One of the many concerns Republicans have had about Donald Trump’s presidential bid is the fear that he would run as an independent, and thus split the vote, if he failed to become the nominee. Trump’s prior caginess surrounding the matter has been put to rest as he signed a Republican National Committee loyalty pledge on September 3. The singing followed a 15-minute meeting with RNC chairman Reince Priebus at Trump Tower New York.
The pledge, which the other 16 Republican candidates have also signed, reads as follows: “I, _____ affirm that if I do not win the 2016 Republican nomination for President of the United States I will endorse the 2016 Republican presidential nominee regardless of who it is. I further pledge that I will not seek to run as an independent or write-in candidate nor will I seek or accept the nomination for president of any other party.”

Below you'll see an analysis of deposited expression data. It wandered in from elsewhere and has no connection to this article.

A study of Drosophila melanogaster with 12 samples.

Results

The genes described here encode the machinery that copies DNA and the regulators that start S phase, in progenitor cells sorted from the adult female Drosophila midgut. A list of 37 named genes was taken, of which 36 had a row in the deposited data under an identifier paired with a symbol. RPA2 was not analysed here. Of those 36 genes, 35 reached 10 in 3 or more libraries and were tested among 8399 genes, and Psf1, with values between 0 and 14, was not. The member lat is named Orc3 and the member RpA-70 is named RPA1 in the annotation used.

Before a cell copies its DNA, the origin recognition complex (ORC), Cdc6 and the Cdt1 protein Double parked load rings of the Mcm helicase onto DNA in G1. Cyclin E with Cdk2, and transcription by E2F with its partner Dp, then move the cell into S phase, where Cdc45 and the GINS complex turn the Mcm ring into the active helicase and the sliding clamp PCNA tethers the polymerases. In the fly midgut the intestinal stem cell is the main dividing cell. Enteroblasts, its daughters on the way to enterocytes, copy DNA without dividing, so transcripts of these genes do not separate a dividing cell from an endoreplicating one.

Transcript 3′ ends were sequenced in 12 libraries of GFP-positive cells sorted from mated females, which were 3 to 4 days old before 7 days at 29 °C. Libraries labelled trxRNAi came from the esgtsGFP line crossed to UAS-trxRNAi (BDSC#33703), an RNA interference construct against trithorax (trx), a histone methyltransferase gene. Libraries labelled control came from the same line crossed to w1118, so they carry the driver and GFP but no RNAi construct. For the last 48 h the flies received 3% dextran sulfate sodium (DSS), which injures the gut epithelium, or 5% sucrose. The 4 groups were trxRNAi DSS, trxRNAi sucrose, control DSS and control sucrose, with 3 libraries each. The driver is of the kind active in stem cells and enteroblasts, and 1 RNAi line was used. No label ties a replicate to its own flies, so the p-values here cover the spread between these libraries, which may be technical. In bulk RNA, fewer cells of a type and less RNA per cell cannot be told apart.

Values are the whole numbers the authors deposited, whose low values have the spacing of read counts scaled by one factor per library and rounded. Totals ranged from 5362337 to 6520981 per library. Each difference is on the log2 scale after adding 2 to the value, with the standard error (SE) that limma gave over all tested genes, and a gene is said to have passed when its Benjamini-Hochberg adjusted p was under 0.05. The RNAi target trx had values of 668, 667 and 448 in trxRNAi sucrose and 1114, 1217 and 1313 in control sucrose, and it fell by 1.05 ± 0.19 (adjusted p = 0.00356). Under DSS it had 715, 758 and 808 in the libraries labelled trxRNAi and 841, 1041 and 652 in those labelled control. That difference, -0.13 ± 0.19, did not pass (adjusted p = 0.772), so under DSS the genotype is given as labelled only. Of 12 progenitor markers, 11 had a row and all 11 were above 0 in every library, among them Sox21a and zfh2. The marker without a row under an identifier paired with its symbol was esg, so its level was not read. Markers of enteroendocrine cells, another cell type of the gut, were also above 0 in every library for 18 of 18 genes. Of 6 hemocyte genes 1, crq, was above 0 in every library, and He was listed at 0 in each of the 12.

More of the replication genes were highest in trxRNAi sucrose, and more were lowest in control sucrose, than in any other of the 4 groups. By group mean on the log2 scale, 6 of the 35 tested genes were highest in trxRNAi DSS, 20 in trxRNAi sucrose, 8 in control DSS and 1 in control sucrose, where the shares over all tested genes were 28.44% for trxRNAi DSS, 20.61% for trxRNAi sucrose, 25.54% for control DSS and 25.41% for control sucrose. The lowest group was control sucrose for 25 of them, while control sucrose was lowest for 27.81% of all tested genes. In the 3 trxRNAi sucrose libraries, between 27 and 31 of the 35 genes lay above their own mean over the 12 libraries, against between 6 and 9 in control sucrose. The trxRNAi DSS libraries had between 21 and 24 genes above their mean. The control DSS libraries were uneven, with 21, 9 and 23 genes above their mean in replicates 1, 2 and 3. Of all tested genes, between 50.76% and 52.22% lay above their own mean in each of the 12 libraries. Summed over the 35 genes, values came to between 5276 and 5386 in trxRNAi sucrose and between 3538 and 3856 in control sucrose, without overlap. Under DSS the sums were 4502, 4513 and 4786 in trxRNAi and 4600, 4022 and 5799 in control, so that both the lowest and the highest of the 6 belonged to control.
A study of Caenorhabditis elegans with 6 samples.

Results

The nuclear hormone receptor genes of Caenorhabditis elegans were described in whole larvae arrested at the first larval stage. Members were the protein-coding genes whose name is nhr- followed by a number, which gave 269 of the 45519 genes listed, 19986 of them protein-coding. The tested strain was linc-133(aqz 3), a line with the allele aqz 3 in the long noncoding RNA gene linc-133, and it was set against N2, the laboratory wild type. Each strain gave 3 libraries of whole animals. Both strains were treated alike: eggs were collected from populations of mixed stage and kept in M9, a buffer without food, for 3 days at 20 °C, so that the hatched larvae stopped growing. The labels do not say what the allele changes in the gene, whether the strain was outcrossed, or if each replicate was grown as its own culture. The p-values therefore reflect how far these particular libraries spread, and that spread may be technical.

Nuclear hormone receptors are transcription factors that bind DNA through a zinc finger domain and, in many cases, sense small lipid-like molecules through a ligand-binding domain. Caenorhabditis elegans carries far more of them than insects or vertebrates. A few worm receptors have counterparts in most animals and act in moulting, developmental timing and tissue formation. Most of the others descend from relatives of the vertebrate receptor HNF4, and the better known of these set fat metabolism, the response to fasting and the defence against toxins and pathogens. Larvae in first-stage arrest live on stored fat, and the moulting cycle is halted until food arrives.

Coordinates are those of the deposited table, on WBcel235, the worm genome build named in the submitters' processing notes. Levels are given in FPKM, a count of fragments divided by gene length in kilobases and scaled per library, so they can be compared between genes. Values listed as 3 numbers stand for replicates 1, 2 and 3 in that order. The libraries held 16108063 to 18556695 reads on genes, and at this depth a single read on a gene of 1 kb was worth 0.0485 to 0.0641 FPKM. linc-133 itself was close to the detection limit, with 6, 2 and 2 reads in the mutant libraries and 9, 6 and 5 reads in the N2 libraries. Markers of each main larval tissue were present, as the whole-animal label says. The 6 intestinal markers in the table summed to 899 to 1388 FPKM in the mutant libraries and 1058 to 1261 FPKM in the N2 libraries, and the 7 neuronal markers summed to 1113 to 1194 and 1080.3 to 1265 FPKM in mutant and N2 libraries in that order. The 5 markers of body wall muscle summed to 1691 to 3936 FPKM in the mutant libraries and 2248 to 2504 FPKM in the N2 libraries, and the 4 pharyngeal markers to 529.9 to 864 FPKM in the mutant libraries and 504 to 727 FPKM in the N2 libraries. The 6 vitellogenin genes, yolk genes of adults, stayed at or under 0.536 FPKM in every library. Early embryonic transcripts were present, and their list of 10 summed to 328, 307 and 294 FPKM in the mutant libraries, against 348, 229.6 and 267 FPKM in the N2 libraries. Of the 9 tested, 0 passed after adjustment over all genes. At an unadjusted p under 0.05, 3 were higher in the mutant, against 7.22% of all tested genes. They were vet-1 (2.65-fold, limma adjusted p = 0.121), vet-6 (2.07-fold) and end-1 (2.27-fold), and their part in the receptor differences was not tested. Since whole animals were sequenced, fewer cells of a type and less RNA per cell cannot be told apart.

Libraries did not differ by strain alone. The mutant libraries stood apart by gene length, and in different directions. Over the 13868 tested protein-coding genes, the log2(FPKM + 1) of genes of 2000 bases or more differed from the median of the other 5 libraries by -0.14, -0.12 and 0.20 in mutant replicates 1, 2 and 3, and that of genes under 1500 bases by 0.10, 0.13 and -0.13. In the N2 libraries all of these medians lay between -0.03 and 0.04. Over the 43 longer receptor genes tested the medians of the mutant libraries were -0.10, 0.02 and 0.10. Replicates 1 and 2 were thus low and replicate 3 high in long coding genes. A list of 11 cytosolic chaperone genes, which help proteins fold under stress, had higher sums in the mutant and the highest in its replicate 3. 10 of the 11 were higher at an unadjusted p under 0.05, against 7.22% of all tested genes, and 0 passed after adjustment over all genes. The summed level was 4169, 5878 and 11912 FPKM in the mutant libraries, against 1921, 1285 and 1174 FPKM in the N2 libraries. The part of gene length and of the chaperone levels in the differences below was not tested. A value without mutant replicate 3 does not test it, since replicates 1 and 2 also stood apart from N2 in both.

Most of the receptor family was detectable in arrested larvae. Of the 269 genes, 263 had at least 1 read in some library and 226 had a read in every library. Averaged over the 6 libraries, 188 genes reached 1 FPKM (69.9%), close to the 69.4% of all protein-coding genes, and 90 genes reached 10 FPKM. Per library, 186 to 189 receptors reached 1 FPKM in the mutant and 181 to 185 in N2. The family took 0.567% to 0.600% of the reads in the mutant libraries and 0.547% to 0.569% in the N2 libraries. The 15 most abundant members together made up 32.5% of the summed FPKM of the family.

Whether or not signing the pledge helps or hinders Trump—whose main appeal stems in part from being anti-establishment—remains to be seen. Trump cited “assurance that I will be treated fairly” as the main reason he has committed to the pledge.
Although the pledge means Republicans can be more confident that Trump will be out of the picture should he lose the nomination, the agreement does have a flip side to it. Should Trump end up as the presidential nominee, the other Republican candidates would be obligated to throw their support behind him. This could place candidates, such as Jeb Bush, who has been exchanging attacks with Trump for some time, in an uncomfortable position. When questioned about this, Bush reaffirmed his willingness to support Trump should such an event occur.
The loyalty pledge is, however, completely nonbinding and has no means of actual enforcement. Nothing, save their word, can stop one of the candidates from breaking it.
Lee, M.J., et al., “Donald Trump signs RNC loyalty pledge,” CNN web site, September 3, 2015.